Life’s roadblocks can pop up at any time. While times of crisis can happen at any time for anyone, there are common transitions that can pose challenges for many people. From entering the teen years and then college…first jobs…first children…mid-life crises…retirement…these major life changes can be stressful to cope with if we don’t have the mechanisms to properly handle them.
Anxiety and depression can be spurred through events large and small in our lives. Sometimes the triggers are barely perceptible and happen over time. Some are huge, glaring changes that hit us in the face, such as divorce or the prospect of retiring after working for 50 years. How we cope with those stressors varies by person.
Psychology Today breaks it down for us when it comes to the basic premises of stress and coping:
- First, there’s no such thing as an inherently hard life transition. All life events will be as stressful or as smooth as you make them. However, we go through life bracing ourselves for the next big stage, facing it with fear, when in reality not everyone will have a difficult time establishing their career just like not everyone will have a mid-life crisis of epic proportions.
- Secondly, factors that influence life events reflect the many forces that can result in change. Aside from basic biological changes and our gene programming, no life change is guaranteed, pronounced or certain. What makes them so are the outside influences, from the social to the historical. For example, society tells us that in our 40s, we’ll undergo a mid-life crisis as we face reconciling our past with what we ultimately want for our future. This may be true for you, or it may not.
Bottom line is, there is nothing inherently bad about life transitions or about change in general. When we face changes, they are reflections of many factors. It’s how you interpret them that determines their impact.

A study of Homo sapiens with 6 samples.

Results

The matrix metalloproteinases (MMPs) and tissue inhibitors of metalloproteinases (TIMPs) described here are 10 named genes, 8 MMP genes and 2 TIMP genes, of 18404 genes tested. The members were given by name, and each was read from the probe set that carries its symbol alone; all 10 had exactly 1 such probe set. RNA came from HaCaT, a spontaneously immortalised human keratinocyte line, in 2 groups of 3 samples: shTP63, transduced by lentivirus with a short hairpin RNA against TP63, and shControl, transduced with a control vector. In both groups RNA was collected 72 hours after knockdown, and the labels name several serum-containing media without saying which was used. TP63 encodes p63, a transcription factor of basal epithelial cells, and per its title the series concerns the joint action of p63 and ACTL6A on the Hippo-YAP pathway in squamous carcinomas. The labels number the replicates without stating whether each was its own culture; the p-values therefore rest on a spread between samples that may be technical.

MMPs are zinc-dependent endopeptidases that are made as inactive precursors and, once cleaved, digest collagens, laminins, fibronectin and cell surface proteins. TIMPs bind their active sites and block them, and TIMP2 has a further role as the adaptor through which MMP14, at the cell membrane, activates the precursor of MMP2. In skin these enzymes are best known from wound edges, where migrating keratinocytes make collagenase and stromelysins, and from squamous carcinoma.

Tips on Coping With Transition
Dealing with the stress and coping with life’s speed bumps comes with perspective. Check out these tips on how to more readily manage transitions – both expected and sudden.
- View stress as a challenge, not a threat. If you believe the saying that “stress is in the mind of the beholder,” you will realize that any event you’re afraid of can be met with strength and power. Rather than let a particular life change overwhelm you, turn it into something you can rise above.
- Appreciate change: Getting stuck in ruts throughout life is normal because nobody really likes change. However, it can harm your cognitive growth. When we switch up our routines, we stimulate our nervous systems so that new neural pathways are created.
- Recall previous transitions. By remembering previous changes you’ve dealt with successfully, you can use that power to face the new challenge. Use it as a source of strength: you did it before, you can do it again!
- Use your supports. Having a network of friends, co-workers and family can provide you with the social support you need to manage change effectively. Even an online community can give you a much-needed emotional boost, practical advice, and tips to get you through. Without external support, we tend to internalize our plight, where it can quickly consume us.
Contact Comprehensive MedPsych Systems
Comprehensive MedPsych Systems can help ease you through life’s big transitions with our qualified counselors, psychologists, and psychiatrists. Please contact us today at an office location near you.